The Deal

by Robert Costa

According to multiple sources in both chambers, Republican leaders are prepared to move forward today with the Senate-brokered deal to end the fiscal impasse. The agreement would fund the government until January 15, extend the debt ceiling until February 7, and initiate a budget conference for fiscal negotiations later this year. The agreement would also keep sequestration intact.

In floor speeches, Senate majority leader Harry Reid and Minority Leader Mitch McConnell both expressed confidence, even though the showdown has been trying. “This time was really hard,” Reid said. “But in the end, political adversaries set aside their differences and disagreements to prevent that disaster.” McConnell, for his part, sounded relieved, especially about Republicans’ ability to “protect the historic cuts we achieved under the Budget Control Act.”

Votes on the measure will begin this afternoon. The Senate will vote first, and then the House will consider the legislation. House leadership aides predict if 70-plus senators support the deal, it’ll have an easier chance of winning Republican votes in the House. Many House Democrats are expected to back the deal, and Minority Leader Nancy Pelosi isn’t expected to break from Reid.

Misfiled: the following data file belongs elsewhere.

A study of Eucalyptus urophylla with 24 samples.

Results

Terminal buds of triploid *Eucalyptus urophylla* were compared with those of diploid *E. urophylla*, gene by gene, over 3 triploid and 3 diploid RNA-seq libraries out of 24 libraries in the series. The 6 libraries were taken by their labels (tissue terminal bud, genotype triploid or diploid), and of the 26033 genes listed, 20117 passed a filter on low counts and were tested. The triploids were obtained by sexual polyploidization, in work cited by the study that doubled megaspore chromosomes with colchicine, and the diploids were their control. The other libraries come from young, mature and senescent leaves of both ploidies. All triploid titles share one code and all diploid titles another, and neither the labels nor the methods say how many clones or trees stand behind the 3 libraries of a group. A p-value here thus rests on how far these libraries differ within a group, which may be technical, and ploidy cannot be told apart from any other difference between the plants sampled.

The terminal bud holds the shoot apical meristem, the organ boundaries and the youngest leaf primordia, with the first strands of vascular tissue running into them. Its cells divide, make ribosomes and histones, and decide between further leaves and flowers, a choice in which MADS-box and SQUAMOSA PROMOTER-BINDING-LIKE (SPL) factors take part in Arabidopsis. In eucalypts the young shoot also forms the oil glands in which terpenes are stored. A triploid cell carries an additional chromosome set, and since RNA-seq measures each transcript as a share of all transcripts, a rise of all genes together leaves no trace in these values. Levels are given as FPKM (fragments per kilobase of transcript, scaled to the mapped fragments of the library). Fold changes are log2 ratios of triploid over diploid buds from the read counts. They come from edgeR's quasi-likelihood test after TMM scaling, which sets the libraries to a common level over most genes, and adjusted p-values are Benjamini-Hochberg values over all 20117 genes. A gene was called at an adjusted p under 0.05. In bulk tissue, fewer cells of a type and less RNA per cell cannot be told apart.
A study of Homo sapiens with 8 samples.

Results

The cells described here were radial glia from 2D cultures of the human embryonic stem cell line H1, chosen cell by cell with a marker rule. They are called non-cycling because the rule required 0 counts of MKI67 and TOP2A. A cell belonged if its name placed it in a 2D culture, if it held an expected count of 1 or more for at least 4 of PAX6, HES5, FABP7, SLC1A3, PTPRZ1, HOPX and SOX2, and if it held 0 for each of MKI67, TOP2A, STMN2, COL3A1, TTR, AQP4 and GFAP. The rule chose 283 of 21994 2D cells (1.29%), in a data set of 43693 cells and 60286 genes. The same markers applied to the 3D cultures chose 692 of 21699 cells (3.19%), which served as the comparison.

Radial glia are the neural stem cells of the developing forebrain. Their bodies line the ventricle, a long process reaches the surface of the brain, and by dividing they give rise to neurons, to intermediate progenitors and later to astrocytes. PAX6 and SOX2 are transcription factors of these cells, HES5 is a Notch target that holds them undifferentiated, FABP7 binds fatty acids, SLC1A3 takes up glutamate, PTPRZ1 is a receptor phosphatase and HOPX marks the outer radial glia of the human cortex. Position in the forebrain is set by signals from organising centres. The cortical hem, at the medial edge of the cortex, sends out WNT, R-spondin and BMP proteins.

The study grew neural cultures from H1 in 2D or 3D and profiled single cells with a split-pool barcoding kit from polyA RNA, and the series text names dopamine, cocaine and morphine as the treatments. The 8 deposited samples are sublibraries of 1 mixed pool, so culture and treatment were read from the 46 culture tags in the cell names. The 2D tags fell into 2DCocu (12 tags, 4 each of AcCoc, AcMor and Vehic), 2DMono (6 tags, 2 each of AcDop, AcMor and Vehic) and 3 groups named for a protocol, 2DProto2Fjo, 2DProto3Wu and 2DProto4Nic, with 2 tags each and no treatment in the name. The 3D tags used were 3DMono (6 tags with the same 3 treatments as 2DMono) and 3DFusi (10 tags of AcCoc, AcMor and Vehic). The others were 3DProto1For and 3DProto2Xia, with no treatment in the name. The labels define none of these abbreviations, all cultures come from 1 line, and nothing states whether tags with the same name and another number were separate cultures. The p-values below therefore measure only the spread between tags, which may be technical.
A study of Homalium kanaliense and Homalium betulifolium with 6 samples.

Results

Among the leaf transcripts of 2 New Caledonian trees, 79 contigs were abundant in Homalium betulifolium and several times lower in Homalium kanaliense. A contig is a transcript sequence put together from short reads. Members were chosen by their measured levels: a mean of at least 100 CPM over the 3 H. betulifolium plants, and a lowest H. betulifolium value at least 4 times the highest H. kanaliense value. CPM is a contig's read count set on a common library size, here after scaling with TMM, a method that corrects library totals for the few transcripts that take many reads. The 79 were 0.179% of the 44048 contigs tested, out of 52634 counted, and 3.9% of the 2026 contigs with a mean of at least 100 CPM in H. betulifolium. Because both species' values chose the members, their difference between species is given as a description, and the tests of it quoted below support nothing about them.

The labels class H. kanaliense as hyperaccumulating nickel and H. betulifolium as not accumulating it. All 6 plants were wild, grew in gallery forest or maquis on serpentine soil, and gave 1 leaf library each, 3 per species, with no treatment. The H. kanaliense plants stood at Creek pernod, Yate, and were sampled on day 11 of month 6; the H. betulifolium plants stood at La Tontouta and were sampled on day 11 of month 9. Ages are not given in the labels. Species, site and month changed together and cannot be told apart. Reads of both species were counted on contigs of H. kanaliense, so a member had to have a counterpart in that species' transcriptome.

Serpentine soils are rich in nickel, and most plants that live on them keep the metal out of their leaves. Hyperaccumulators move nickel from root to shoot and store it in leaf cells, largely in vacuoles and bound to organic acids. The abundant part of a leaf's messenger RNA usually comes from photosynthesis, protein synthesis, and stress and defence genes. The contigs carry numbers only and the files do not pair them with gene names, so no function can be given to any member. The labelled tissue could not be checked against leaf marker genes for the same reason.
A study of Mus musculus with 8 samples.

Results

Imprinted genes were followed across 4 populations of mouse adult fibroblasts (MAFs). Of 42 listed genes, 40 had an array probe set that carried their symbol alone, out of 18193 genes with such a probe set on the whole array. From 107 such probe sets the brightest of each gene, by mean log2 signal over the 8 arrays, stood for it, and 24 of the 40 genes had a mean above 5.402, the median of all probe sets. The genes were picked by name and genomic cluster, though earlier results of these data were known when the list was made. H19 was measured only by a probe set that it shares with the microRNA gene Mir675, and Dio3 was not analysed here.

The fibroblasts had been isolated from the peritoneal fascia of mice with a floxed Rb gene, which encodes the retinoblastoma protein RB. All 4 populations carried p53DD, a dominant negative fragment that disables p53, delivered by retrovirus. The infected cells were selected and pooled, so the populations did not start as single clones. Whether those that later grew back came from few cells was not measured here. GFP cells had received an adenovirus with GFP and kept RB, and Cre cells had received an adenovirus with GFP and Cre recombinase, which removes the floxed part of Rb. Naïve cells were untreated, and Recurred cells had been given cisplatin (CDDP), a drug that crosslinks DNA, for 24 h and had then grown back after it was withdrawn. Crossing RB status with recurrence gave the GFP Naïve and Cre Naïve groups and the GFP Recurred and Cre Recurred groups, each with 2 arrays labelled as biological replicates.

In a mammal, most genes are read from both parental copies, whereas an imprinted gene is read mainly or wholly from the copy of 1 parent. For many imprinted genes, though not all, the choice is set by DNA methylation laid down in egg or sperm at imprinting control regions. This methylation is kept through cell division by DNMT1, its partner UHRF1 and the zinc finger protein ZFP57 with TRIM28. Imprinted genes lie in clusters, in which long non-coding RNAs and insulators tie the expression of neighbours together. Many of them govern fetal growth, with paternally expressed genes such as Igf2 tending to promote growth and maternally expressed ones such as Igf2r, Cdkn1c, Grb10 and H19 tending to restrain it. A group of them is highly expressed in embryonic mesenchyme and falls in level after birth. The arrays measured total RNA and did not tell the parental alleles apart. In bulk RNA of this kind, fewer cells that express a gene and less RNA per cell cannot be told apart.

Speaker John Boehner signaled to Senate leaders late Tuesday that he was open to bringing a Senate deal to the floor, due to the House GOP’s problems with whipping support. “It’s what Boehner calls a ‘tough vote,’ which means it’ll need Democrats, and he had told us all along that he may have to do it,” says a veteran House Republican. “The mood in the conference is, we find ourselves here, we’ve fought hard, but we’re not going to blame Boehner for this deal.”

Most Senate Republicans are expected to back the agreement, according to sources familiar with the whip count. And even likely “nay” votes, such as senators Ted Cruz, Marco Rubio, Mike Lee, and Rand Paul, have decided to let the vote happen. There will be no filibusters or objections. “It’s time to move on to future fights,” explains a Senate aide who is close with the conservative bloc. “We’ve done everything we could, but the leadership didn’t listen. Right now, we think it’s more strategic to get ready for the next battle.”